Perhaps the least abundant but most sought-after species of Salmonid is the steelhead. These sea-going rainbow trout are found in over 500 river and creek systems throughout Southeast Alaska, the Kenai peninsula, and Kodiak, but most watersheds support small runs numbering to perhaps 200 returning adults. The "fish of 10,000 casts" is divided into 2 discrete stocks, a spring run available from March to June, and a fall run from September to November, with some unique systems in southeast supporting both runs. Averaging 8-12 lbs with trophy specimens topping 20 lbs, the steelhead is one of the wariest salmonids and rates near the top of the "angling challenge" scale.
Gear and Flies
The steelhead is a formidable opponent once hooked, capable of mad dashes and skyrocketing leaps. The prudent angler gears up with a 7 or 8wt rod matched to a high-capacity reel with a good drag to battle these chrome rockets. Two-handed (Spey) rods can be used on some of the larger rivers such as those found on the Alaska Peninsula. In general, they are too long for most Alaskan steelhead streams. Depending upon the method of presentation, fly line choices include weight-forward floating lines, sinking tip lines, and multi-tip systems to deliver your offering to the proper depth. Steelhead flies are as numerous and varied as the folks that fish for them. Some Alaska favorites are the Garcia Sculpin, Dolly Llama- Black & White, and the Pink String Leech.
If you are planning on chasing Alaskan steelhead with a single hand rod, we suggest using a 9-10' 7-8 wt rod. If you are using a nymphing/dead drifting technique, a 10' medium-fast action rod is ideal for long line mends. Seeking steelhead with a switch rod is becoming increasingly popular because it is easy to change from nymphing to swinging. On small Alaskan streams, a 10'6" to 11'9", 7-8 wt switch rod with line grain ratings of 400-550 is recommended. If you are chasing Alaskan steelhead on the Alaska Peninsula or Southwestern Alaska, you can try your hand with a full spey rod, in which case we recommend a 12'6"-13'6" rod.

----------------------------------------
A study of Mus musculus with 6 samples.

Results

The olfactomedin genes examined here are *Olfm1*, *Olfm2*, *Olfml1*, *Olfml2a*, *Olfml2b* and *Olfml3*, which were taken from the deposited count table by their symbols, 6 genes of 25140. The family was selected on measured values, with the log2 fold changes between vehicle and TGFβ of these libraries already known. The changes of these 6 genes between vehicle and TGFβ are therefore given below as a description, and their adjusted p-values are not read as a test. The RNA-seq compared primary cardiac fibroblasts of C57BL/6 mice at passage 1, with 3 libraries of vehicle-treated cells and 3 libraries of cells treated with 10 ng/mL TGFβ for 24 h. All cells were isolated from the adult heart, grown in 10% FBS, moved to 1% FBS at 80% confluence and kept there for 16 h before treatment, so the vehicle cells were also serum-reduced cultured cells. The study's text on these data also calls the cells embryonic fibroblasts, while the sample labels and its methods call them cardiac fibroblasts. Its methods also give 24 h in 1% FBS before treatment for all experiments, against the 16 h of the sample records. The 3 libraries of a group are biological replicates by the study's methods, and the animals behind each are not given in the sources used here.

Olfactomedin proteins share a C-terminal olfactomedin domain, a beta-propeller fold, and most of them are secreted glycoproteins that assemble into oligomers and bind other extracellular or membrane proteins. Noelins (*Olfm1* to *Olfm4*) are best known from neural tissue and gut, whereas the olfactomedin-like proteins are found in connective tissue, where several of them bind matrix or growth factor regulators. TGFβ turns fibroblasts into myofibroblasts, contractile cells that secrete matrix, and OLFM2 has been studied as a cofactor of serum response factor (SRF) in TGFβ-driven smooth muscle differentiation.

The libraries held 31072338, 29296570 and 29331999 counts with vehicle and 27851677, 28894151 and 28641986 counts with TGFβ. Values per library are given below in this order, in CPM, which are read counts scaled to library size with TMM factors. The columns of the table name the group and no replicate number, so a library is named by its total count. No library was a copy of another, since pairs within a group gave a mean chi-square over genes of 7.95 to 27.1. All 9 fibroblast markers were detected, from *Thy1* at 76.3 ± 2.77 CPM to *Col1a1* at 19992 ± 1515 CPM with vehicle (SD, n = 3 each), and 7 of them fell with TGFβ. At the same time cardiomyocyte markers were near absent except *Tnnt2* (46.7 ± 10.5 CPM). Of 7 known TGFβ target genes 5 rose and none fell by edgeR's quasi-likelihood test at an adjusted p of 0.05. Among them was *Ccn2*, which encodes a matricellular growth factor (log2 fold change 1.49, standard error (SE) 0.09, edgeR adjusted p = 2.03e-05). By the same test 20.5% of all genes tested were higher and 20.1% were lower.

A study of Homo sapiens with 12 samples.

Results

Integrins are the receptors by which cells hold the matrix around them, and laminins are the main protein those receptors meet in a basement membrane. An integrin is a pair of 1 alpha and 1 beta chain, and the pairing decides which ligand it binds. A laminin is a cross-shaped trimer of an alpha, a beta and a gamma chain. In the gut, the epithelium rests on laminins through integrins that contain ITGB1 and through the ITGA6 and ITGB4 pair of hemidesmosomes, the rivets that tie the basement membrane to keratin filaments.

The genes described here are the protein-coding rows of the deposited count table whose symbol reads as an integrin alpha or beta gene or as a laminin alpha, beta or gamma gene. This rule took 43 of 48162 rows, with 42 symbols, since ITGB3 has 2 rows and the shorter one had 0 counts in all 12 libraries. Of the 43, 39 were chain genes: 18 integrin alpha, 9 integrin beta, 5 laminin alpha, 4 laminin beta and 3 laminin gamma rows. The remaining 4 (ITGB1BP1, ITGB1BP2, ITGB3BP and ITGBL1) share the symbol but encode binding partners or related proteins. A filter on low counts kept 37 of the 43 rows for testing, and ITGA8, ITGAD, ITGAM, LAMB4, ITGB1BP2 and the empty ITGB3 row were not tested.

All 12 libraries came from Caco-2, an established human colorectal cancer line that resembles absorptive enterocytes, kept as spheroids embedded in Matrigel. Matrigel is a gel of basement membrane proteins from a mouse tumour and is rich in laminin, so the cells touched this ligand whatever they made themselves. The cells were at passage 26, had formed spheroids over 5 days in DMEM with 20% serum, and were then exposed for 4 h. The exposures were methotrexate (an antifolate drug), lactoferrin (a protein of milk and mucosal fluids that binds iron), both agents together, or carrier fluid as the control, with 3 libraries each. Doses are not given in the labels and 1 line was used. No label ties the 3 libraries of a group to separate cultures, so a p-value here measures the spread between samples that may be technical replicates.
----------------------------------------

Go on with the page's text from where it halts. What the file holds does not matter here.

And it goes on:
We cannot stress enough the importance of a good reel while chasing Alaskan steelhead. With steelhead being the fish of 10,000 casts, you don't want to ruin your chances of landing one because of a skimpy reel. Nothing is worse than an angler crying on the side or the river because of cut corners. Whether it is a cast alluminum reel or a machined, you will want to make sure that your drag is a hearty one.
The best line for steelhead depends on your chosen method of angling. If nymphing flies or fishing beads is the prefered method, look for a weight forward floating line or switch line that has a medium to long body. The medium to long floating body is important for line mending and management. If swinging flies is the preferred method, short sink tips in both medium and fast sink rates are recommended. A multi-tip line with the standard 15' tips supplemented with super-fast tips can be ideal on Alaska's smaller steelhead streams.
There are a lot of options when it comes to choosing flies for steelhead fishing. Flies can vary from egg sucking leech patterns, large strung out patterns and small nymph patterns. Recently, anglers have switched to using more egg imitations or yarn balls under an indicator, while some still prefer multi colored steelhead nymphs. Hot pink and orange are often a favorite, but don't rule out naturals,especially if chasing fish in the fall or winter.
Beads were originally associated with fishing for trout during the salmon spawn. They started catching on with anglers in the Pacific Northwest over a decade ago and now have become a staple in most anglers' boxes. For steelhead in Alaska, try beads sizes from 8mm-14mm in hot pink, orange and red. Off colors like blue and chartreuse can be really good when fishing to pressured fish on rivers like the Situk.